Undergraduates Celebrate Second Consecutive Virtual Housing Day
Dean of Students Office Discusses Housing Day, Anti-Racism Goals
Renowned Cardiologist and Nobel Peace Prize Winner Bernard Lown Dies at 99
Native American Nonprofit Accuses Harvard of Violating Federal Graves Protection and Repatriation Act
U.S. Reps Assess Biden’s Progress on Immigration at HKS Event
Clarifying the Law School’s move to a
pass/fail grading system last October, Acting
Dean of Harvard Law School Howell
E. Jackson announced in an e-mail to
students late last week that the school will
make its grade distribution public and
change the criteria for awarding coveted
The newly released details reveal that the Law school will now award its Latin honors—cum, magna cum, and summa cum laude distinctions—on a proportional basis, with the summas going to the top one percent, magnas to the next 10 percent, and cum laudes awarded to the final thirty percent of graduates.
The new policy guarantees that each class will contain a handful of summas—a departure from previous policy in which the Law school only awarded its highest honor to students meeting the astronomical benchmark of a 7.2 minimum GPA. Because the benchmark was absolute, the Law School had routinely graduated consecutive classes without awarding a single student the summa cum laude.
But by assuring the presence of summas in each graduating class, some students say that the administration has eliminated the rarity that had historically distinguished the award.
“This clearly changes the meaning of the summa,” said Nikhil V. Gore, a first year student.
The new disclosures come months after the school shifted from traditional letter-based grading to a four-tiered pass/fail system, leaving open the question of how precisely the tiers would be distinguished.
That question was resolved in Jackson’s disclosures last week. Next year’s student handbook will include a recommended grade distribution that encourages professors to award Honors to 37 percent of the class, Pass to 55 percent, and Low Pass to the remaining 8 percent.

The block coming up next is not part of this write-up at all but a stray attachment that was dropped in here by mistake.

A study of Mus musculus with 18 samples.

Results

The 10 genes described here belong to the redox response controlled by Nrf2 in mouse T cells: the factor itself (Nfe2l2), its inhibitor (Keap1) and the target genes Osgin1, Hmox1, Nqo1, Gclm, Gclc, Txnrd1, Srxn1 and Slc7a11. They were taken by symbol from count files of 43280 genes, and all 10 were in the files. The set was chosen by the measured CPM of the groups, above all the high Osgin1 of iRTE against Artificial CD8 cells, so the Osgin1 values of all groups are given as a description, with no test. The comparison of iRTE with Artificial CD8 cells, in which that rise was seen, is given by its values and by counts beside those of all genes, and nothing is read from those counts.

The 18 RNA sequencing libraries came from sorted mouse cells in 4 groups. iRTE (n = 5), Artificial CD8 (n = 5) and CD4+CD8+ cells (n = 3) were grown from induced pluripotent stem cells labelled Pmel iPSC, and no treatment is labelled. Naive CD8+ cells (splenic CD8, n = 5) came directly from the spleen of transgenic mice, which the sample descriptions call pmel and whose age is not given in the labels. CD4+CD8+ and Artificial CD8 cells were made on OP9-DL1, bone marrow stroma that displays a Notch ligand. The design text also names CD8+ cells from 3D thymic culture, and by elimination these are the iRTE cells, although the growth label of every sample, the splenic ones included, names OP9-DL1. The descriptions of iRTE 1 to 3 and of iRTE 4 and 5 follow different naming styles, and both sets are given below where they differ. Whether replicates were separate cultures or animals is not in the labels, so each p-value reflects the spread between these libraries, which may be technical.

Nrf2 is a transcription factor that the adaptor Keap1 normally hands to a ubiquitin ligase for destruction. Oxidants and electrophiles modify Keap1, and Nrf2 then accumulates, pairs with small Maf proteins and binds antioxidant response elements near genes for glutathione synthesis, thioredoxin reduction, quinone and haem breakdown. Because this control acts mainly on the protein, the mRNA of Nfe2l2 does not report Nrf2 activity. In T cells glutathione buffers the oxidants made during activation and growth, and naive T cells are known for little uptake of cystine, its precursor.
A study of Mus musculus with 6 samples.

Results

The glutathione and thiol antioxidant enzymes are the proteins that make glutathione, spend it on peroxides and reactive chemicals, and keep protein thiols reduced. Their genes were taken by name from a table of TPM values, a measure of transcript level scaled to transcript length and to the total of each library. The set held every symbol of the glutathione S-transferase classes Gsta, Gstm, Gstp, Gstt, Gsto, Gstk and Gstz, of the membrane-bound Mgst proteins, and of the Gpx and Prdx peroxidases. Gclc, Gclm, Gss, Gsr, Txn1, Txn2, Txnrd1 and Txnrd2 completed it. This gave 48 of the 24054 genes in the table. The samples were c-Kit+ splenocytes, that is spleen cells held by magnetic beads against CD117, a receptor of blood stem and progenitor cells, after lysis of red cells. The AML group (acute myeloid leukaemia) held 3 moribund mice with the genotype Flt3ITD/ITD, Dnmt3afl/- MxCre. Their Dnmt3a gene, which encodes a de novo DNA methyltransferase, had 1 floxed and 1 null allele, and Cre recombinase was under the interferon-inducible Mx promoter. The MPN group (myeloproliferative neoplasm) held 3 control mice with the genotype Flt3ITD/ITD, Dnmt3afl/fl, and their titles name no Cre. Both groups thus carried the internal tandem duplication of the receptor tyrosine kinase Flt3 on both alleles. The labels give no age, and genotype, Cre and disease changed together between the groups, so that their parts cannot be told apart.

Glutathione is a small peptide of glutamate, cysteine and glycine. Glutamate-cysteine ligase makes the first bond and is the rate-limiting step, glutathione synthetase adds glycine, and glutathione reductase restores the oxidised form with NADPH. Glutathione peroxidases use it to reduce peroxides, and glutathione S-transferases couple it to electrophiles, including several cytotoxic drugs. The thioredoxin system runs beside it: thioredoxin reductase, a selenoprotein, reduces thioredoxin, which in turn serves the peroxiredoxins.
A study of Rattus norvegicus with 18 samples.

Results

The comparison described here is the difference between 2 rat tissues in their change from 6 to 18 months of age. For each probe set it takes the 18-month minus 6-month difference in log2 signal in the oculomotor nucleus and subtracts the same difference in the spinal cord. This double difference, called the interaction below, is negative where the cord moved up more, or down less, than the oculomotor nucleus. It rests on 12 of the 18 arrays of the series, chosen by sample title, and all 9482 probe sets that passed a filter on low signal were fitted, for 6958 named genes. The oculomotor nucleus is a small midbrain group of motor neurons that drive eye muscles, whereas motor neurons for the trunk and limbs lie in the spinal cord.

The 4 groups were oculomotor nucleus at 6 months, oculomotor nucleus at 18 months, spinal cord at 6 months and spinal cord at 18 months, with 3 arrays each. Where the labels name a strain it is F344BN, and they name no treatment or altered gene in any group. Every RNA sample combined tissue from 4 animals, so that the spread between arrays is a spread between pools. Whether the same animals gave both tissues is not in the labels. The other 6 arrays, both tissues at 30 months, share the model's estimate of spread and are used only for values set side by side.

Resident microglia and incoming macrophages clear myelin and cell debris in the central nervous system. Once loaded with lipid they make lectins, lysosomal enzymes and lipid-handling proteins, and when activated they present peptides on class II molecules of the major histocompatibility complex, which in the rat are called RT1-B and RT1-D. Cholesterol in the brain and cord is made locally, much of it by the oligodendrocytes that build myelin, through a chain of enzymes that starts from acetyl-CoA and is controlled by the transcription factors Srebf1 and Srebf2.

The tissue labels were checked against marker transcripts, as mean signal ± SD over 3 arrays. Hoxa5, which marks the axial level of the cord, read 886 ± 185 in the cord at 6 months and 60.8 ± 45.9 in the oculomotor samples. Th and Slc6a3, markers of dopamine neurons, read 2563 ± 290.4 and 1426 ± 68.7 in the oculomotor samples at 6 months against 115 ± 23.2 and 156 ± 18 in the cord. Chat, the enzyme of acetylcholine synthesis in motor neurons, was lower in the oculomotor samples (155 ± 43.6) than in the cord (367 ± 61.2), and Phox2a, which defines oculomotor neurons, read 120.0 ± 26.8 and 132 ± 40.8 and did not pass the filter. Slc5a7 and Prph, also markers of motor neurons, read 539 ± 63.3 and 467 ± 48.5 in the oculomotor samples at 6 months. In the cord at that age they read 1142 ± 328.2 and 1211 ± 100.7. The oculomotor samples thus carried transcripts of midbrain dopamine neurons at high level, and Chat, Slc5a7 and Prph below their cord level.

Since the departure of former Law School Dean Elena Kagan for the Obama Administration, the school has moved forward with its grading reforms under Jackson, the acting dean.
A number of students praised the clarifications to the grading policy yesterday, citing the increased transparency as a welcome departure from Kagan, who had been resistant to releasing the grading curve.
Still, concerns remain that the new grading policy may not achieve its stated goal of tempering the grade-focused culture at the law school.
Encouraging professors to award a surprisingly large number of Honors grades may actually increase the pressure to attain Honors, according to Brian T. Aune, a second-year student and the president of the school’s student government.
He said that he is concerned that the change will place a renewed emphasis on grades as student seek to avoid the stigma of losing out to over a third of their classmates.
The switch has caused anxiety among some top achievers who fear that employers will be unable to distinguish their academic record from that of other top students.
In response, the Law School announced that professors who teach classes with more than 30 students will be allowed to award Dean’s Scholar Prizes—a distinction that is intended to replace the A+ in the previous grading system.
—Staff Writer Elias J. Groll can be reached at firstname.lastname@example.org.
Want to keep up with breaking news? Subscribe to our email newsletter.